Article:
On Mother’s Day, over 100,000 guests from all around the world attended the 2011 Buddha’s Birthday Celebration held in front of the Taiwanese Presidential Office in Taipei. Politicians, ambassadors, officials from as far as Nicaragua, Nauru, St. Christopher, the Philippines, and Mexico joined in on the festivities.
Notable guests include Vice President of Taiwan, Vincent Siew; Former Head of the Yamanashi prefecture parliament from Japan, Fukazawa Toshio; and Jeffery Huffines, Chair of the NGO / DPI Executive Committee & U.N. Representative. Siew, Toshio, and Huffines all commended BLIA efforts for promoting humanitarian relief efforts across the globe. Huffines’ speech emphasized the value and need for ethical and spiritual principles in today’s world in order to promote prosperity.
Tens of thousands of believers gathered to celebrate Buddha’s birthday, also officially known as Veska Day, along with Mother’s Day and the 100th anniversary of the Republic of China on Ketagalan Boulevard in front of the Presidential Office, yesterday.
Guests from around the globe and mothers from all over Taiwan congregated and “bathed the Buddha” in hopes of bringing peace and prosperity to Taiwan and the world through this spiritual gathering.
For the third consecutive year, the celebration of Buddha’s birthday took place on Ketagalan Boulevard on Mother’s Day. The event was arranged by the Executive Yuan’s Council for Cultural Affairs and hosted by Fo Guang Shan (FGS, 佛光山) and the Buddha’s Light International Association (BLIA, 國際佛光會). According to the BLIA, over 100,000 attended the event.
Vice President Vincent Siew encouraged the people of Taiwan by discussing Venerable Master Hsing Yun’s philosophy of “three goods and five ways to be at peace” (三好五和), saying that doing good things, saying good words, and thinking good thoughts will bring peace within oneself and society. Buddha’s teachings are long lasting, just like a mothers’ love, Siew said, while wishing for long life for democracy and freedom of religion.
President Ma Ying-jeou, who was not present at the event, called and expressed his blessings for mothers and the spreading of Buddha’s creeds to the crowd through a speakerphone.
The event was attended not only by politicians but also ambassadors and officials from Nicaragua, Swaziland, Nauru, St. Christopher, the Philippines, Mexico and various other nations.
Jeffery Huffines, Chair of the NGO / DPI Executive Committee & U.N. Representative for CIVICUS: World Alliance for Citizen Participation, commended the BLIA, which was acknowledged by the U.N. as an NGO in 2003. He also commended its founder Venerable Master Hsing Yun for promoting humanitarian relief efforts.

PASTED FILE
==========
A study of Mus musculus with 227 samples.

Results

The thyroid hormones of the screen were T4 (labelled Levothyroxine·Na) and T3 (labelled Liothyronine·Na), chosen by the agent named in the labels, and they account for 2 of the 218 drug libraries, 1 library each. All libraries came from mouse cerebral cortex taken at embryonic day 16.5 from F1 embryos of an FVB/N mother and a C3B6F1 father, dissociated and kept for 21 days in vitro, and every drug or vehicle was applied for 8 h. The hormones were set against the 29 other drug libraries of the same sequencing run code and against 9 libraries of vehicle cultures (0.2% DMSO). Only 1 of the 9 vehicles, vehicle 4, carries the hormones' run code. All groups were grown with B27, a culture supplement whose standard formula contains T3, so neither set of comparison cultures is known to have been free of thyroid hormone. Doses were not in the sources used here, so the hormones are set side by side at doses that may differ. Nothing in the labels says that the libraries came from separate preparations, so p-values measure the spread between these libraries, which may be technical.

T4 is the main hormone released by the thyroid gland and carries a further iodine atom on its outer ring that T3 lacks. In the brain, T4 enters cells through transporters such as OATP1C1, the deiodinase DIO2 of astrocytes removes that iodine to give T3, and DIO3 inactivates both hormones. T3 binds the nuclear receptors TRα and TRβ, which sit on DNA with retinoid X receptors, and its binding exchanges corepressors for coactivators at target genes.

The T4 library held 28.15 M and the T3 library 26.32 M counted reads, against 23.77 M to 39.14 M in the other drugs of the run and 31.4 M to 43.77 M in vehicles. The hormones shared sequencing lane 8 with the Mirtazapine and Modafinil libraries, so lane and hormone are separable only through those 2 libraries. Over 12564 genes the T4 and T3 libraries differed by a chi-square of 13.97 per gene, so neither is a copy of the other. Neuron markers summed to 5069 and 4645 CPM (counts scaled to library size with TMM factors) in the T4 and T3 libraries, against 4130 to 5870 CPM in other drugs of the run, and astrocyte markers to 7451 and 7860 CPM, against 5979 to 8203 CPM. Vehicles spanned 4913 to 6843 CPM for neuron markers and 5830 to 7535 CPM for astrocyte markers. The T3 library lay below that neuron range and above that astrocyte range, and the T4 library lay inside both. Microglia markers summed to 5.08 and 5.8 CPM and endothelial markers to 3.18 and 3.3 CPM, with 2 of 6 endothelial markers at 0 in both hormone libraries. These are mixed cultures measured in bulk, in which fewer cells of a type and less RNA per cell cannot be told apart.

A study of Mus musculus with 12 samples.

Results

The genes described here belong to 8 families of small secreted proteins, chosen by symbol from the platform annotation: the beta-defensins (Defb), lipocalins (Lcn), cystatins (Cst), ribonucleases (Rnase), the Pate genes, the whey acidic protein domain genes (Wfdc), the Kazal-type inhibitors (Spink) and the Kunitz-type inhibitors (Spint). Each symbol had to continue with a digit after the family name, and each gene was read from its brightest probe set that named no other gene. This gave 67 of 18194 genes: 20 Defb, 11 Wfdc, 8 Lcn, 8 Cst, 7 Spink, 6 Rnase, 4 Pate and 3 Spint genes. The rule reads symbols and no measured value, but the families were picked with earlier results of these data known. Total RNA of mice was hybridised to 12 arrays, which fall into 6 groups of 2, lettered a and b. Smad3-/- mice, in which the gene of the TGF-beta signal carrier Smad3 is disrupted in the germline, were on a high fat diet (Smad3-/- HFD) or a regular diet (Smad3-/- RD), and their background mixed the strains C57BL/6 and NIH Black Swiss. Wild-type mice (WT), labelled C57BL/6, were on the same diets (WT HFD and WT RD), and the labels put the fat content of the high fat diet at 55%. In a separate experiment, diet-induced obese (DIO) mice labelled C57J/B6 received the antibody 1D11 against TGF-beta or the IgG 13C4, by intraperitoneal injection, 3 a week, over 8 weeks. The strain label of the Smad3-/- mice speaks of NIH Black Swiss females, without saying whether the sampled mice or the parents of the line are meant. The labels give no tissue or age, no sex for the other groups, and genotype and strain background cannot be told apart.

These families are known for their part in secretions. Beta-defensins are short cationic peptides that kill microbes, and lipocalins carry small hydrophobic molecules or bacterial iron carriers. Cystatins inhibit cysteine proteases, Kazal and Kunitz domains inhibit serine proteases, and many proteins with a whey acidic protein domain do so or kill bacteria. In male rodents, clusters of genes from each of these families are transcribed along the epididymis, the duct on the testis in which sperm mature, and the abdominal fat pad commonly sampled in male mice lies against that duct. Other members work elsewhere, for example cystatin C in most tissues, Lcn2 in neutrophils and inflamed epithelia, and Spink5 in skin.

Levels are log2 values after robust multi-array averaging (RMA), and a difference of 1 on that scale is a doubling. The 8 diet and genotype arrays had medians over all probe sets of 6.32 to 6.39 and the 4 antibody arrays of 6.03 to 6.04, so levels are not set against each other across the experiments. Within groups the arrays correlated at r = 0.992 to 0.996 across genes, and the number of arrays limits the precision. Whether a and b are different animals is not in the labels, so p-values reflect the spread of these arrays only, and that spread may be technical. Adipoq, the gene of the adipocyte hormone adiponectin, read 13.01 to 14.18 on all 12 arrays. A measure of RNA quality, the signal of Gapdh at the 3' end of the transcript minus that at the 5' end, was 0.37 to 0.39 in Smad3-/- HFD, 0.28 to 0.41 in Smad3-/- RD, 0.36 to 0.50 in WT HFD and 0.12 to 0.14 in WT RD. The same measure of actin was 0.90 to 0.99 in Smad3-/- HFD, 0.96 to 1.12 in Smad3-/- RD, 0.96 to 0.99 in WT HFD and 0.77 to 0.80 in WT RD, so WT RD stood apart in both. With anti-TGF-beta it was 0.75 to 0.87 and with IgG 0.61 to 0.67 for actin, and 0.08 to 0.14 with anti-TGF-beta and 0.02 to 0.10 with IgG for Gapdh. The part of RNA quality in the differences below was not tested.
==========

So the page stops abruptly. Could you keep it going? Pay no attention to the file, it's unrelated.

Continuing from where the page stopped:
Huffines encouraged the creation of “a world in which material and scientific development is governed by ethical and spiritual principles that promote the prosperity of people everywhere.” He also commented that Buddha’s spirit of compassion and Buddha’s timeless teachings could navigate many global problems and serve as a platform, just like the U.N., for global coordination in this materialistic world.
Former Head of the Yamanashi prefecture parliament Fukazawa Toshio also attended the Veska Day event. He brought along a letter from the president of the Japanese Liberal Democratic Party, Tanigaki Sadakazu, who expressed his gratitude to the Taiwanese public for all their financial and spiritual support following the March 11 Japan earthquake.
“Bathing the Buddha” is a traditional Buddhism practice for Veska Day, where believers scoop up water and pour it over the shoulders of a small-scale Buddha. Venerable Master Hsing Yun said that bathing the Buddha is not just to show respect for the spiritual leader — the source of Buddhist teachings, but also to cleanse the impurities within our minds. To pay tribute to Buddha and mothers for the love and warmth they have brought this world, Hisng Yun said, is the reason Veska Day is celebrated. “May Buddha bless you all,” he said.
Despite the heat, followers of Buddha, including mothers who were over 100 years of age, waited patiently in line for their turn to bathe the Buddha at the end of the ceremony.